Hadi Azmi
Kuala Lumpur
2019-08-07
Malaysian Prime Minister Mahathir Mohamad (right) raises the hand of senior politician Anwar Ibrahim during a by-election campaign rally in Port Dickson, Malaysia, Oct. 8, 2018.
AP

Malaysian civic groups prodded Prime Minister Mahathir Mohamad on Wednesday to set a clear timeline for handing power to ex-rival Anwar Ibrahim, and warned that failure to do so could break up the coalition that helped him regain power.

Mahathir, 94, took power after leading the then-opposition Pakatan Harapan (PH) alliance to a historic landslide victory in the May 2018 general election following an agreement that he would step down within two to three years and hand over the country’s leadership to Anwar.

But mudslinging among supporters of Anwar, president of the People’s Justice Party (PKR), the biggest party in Pakatan ruling bloc, and his deputy Azmin Ali, the current economic minister, has raised questions about the feasibility of that agreement.

“The current feud in PKR … is causing much concern among both our citizens and the international community as it has the potential to break up the coalition and cast our nation into political disarray,” the civic groups said in an open letter to Mahathir.

The groups, including Bersih 2.0 (the Coalition for Clean and Fair Elections), the Malaysia Action Coalition (GBM) and Malaysian Islamic Youth Movement, demanded a “clear transition plan.”

“We call on Tun Mahathir [to] set a date, somewhere between a year from now to the latest May 9, 2021, to hand over power to Dato Seri Anwar Ibrahim,” the groups said, using honorifics for the two politicians.

Although reports indicated that no time frame was stated in the agreement, Mahathir himself had promised on several occasions that the transfer of power would take place “between 2 to 3 years” from his election.

Mahathir made the promise after he and Anwar agreed to join forces and lead Pakatan against the Barisan Nasional coalition on the May 2018 polls, when Anwar was still in prison serving time over a sodomy conviction. Days after the election, Anwar was released from prison after the king granted him a pardon.

Anwar, 71, and Azmin, 54, both considered front-runners to succeed Mahathir, had verbally attacked each other after the release of a video purportedly showing a man who resembled Azmin having sex at a hotel with another man.

Azmin has denied allegations that he was the other man in the video.

Mahathir, meanwhile, told reporters last month that he would stick with the agreed plan to transfer the prime ministerial post to Anwar.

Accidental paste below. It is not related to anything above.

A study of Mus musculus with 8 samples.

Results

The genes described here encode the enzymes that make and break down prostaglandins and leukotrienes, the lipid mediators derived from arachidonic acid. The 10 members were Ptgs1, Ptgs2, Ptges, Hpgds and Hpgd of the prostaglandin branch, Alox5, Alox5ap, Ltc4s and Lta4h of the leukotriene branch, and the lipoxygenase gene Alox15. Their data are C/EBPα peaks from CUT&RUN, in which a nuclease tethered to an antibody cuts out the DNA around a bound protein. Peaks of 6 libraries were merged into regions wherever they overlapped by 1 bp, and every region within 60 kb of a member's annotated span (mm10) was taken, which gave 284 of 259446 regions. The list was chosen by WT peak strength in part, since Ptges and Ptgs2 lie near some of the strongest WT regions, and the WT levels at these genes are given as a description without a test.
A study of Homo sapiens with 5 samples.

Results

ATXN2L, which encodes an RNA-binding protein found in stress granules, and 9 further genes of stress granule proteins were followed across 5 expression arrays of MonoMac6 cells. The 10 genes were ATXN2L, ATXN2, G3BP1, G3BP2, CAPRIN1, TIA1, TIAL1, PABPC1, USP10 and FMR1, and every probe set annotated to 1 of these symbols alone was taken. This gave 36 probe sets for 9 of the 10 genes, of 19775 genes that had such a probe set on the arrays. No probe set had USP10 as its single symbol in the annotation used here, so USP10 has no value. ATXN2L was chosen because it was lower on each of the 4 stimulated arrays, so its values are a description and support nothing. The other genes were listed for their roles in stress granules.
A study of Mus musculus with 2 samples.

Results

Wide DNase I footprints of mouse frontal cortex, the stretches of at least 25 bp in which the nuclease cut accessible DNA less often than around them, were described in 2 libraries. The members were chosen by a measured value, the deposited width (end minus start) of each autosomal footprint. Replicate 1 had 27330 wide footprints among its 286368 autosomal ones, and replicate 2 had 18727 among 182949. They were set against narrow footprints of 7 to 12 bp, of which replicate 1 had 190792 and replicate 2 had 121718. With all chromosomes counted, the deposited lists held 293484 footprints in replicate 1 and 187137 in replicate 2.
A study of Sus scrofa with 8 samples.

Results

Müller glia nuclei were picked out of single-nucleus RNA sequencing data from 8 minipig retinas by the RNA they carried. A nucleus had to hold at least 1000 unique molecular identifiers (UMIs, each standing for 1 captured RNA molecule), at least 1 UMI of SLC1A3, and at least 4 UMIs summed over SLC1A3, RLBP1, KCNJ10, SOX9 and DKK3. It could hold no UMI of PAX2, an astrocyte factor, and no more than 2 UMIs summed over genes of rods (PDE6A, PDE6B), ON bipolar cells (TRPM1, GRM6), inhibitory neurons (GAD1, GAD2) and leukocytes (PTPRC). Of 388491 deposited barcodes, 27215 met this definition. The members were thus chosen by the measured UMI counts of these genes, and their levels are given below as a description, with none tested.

“Well, I have already agreed that when I step down, he will take over from me as prime minister,” Mahathir said, referring to Anwar, his ex-protégé-turned-enemy-turned-ally. “That is a promise I made and I will stay with the promise.”

The Malaysian leader is on a two-day visit through Thursday to the Japanese city of Fukuoka.

The feud within PKR unfolded into an exchange of sharp words after police detained Anwar’s top aide last month on suspicion of involvement in the dissemination of the sex video.

Amid the bitter infighting, former cabinet minister Rafidah Aziz urged Mahathir on Wednesday to continue his governance and “stop talking about transition [of power].”

“Let’s stop talking about this issue because the people out there – investors, people with the potential to become our business partner – are not sure where the country is heading,” Rafidah said in a speech in the administrative capital Putrajaya. “The transition problem has been identified as one of the causes of uncertainties.”

The open letter from the civic groups “makes voters think about what happened to the promises” that Mahathir made during the electoral campaign, Azly Rahman, a U.S.-based academic and author of books on Malaysia’s political, social and educational affairs, told BenarNews on Wednesday.

“The question that nobody can answer except Mahathir himself is: Who does he want to install as his successor, who would ensure his safe exit?” Azly said. “And the question for Anwar is: Will he be the chosen one?”

“In Malaysia, everything is a mystery. Of whims and fancies and sustaining of political dynasties,” he said. “It has not been a healthy democracy.”